After the first day of play, tied for 4th with several other players, I looked at Hannah and said “I think I can win this tournament tomorrow.”
My dad had a good short game. He had to work on his driver, which was his weakness, but he was always able to get up and down. That influence on my game was important as I faced the 2016 Tennessee Senior State Open last week.
The tournament is held every year at Stonehenge Golf Course in Crossville, Tennessee and 2016 was my 5th year to play. I love that golf course. It fits my game. You don’t need distance on this course so you often hit a 3 wood off the tee. You need to manage the second shot. You need to know where to miss it. The holes are tight so to play well at Stonehenge you have to be able to chip and putt .
After playing even par on the front nine on the second day, I birdied 10 and 13 and came to 14, the signature hole, which is an 80-foot drop par 3. I hit a pitching wedge and the ball landed on a steep bank on the right just short of a small green-side bunker. It was challenging just to get a stance and hit the ball forward, but that’s what I did. The second shot landed in the bunker, I pitched it up within a few inches of the hole for a bogey. That shot kept me in the tournament.
I was one stroke off the lead after parring 15 when I hit a nice 3 wood on 16 leaving 97 yards to the hole on this par 4. My sand wedge landed the ball 5 feet in front of the hole. The ball skipped up past the hole, turned around and rolled in. Eagle. It was the shot of the tournament. I was tied with Gibby Gilbert.
I made 2 solid pars on 17 and 18 and headed into a playoff with Gibby. A rain delay earlier in the day put time pressure on us and after a good up and down and one final 9-foot putt we were out of daylight. Gibby Gilbert and I share the title of Champion of the 2016 Tennessee Senior State Open.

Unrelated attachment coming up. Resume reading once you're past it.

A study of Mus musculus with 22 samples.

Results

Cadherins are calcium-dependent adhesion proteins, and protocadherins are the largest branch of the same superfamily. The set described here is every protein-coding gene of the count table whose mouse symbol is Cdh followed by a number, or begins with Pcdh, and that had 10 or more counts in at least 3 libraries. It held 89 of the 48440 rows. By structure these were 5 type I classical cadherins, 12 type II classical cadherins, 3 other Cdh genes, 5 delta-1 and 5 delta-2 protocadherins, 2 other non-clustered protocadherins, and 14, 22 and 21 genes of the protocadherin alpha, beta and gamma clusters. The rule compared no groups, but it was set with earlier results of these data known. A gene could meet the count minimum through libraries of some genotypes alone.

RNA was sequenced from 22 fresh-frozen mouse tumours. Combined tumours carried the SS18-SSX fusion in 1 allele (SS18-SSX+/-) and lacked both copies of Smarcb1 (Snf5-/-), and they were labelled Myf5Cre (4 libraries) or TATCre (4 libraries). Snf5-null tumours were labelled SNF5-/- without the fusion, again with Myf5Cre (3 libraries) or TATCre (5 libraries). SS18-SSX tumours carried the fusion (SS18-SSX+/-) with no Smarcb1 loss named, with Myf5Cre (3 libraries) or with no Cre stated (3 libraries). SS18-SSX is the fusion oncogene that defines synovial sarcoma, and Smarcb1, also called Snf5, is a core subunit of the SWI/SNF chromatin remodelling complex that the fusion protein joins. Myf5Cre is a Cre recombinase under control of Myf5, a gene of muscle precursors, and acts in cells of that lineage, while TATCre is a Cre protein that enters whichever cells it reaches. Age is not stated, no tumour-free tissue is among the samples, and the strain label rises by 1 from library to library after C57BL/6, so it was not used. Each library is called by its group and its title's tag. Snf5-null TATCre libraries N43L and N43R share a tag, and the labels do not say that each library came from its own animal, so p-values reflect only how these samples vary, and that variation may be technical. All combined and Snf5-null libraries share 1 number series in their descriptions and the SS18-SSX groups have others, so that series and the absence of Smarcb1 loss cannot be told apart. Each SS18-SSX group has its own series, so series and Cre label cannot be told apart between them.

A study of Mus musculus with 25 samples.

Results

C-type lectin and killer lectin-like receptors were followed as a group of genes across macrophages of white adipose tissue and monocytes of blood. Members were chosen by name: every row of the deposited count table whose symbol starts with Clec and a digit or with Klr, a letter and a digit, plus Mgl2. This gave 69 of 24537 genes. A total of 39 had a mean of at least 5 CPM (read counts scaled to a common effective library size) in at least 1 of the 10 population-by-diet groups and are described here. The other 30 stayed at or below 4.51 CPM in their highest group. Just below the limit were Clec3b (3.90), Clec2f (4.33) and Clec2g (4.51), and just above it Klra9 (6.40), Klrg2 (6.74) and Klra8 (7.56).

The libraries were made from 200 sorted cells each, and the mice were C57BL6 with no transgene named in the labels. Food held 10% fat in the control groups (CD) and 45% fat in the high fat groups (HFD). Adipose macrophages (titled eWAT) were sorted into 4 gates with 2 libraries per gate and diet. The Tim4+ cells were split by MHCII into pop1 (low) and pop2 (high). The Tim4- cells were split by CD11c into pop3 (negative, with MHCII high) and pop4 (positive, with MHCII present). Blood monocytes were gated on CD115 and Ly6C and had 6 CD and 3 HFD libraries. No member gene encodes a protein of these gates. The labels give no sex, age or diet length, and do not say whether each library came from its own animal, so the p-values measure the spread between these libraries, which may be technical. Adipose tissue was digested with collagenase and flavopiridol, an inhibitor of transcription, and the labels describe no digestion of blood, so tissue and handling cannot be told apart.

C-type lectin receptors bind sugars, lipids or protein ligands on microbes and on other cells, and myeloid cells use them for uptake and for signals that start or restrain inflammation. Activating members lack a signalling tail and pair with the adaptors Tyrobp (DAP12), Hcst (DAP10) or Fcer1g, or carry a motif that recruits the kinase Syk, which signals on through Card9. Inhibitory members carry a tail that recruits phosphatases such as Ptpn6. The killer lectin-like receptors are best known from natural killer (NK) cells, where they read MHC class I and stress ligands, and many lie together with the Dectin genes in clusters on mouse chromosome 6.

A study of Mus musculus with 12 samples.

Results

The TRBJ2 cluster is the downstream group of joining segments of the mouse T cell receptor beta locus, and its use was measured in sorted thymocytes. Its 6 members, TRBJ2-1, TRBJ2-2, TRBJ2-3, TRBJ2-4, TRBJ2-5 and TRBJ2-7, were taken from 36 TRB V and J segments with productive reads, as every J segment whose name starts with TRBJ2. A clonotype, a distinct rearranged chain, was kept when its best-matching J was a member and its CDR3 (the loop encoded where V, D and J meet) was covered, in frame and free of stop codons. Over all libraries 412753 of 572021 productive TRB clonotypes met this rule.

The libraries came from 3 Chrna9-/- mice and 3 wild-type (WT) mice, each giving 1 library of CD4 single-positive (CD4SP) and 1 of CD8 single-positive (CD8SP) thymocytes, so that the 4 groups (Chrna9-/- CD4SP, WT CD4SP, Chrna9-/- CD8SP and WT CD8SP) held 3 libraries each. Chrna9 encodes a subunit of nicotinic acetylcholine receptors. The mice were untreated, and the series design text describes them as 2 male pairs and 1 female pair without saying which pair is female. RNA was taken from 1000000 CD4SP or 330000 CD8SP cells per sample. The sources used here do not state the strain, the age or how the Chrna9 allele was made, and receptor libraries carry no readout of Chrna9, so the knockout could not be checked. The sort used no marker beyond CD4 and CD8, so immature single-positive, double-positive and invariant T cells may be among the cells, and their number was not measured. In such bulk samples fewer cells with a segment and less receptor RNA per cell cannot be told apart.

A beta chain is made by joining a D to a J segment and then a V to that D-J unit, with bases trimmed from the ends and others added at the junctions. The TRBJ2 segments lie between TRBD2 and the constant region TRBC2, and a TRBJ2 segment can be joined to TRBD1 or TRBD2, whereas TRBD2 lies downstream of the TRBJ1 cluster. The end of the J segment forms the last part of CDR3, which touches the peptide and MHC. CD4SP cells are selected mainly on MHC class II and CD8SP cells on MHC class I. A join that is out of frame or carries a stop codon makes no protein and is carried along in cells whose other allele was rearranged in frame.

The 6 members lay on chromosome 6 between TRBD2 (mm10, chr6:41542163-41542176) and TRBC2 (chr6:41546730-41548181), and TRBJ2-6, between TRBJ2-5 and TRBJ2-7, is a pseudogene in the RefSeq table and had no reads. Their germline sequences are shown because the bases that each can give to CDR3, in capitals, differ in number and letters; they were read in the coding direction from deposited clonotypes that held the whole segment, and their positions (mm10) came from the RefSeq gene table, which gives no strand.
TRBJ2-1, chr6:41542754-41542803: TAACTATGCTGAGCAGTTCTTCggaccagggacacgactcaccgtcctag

This round was the perfect example of how important distance wedges and your short game are. Your short game determines your rhythm and pace in tournament play. More than half of the 142 shots I hit over those 2 days were within 100 yards of the hole, including 55 putts. While we all like to go out to the driving range and bang balls into the field, when you’re on the course, your short game is more important than your drive. So here’s my challenge to you…for the next month, spend your practice time working on the shots that will help you win. Spend 75% of your practice time on your short game. It will improve your results.
My dad brought me into the game when I was about 7 years old. He built a 30 x 50 foot putting green in our side yard and taught me to focus on my short game. Other mentors and coaches like Jim Suttie, Charlie King, and Mike Bender would stress the goal of 1 chip and 2 putts on each hole. When I have experiences like I did this year at the Senior State Open I know it is the influence of those men on my game, and my dad’s hand on my shoulder, that has made the difference for me.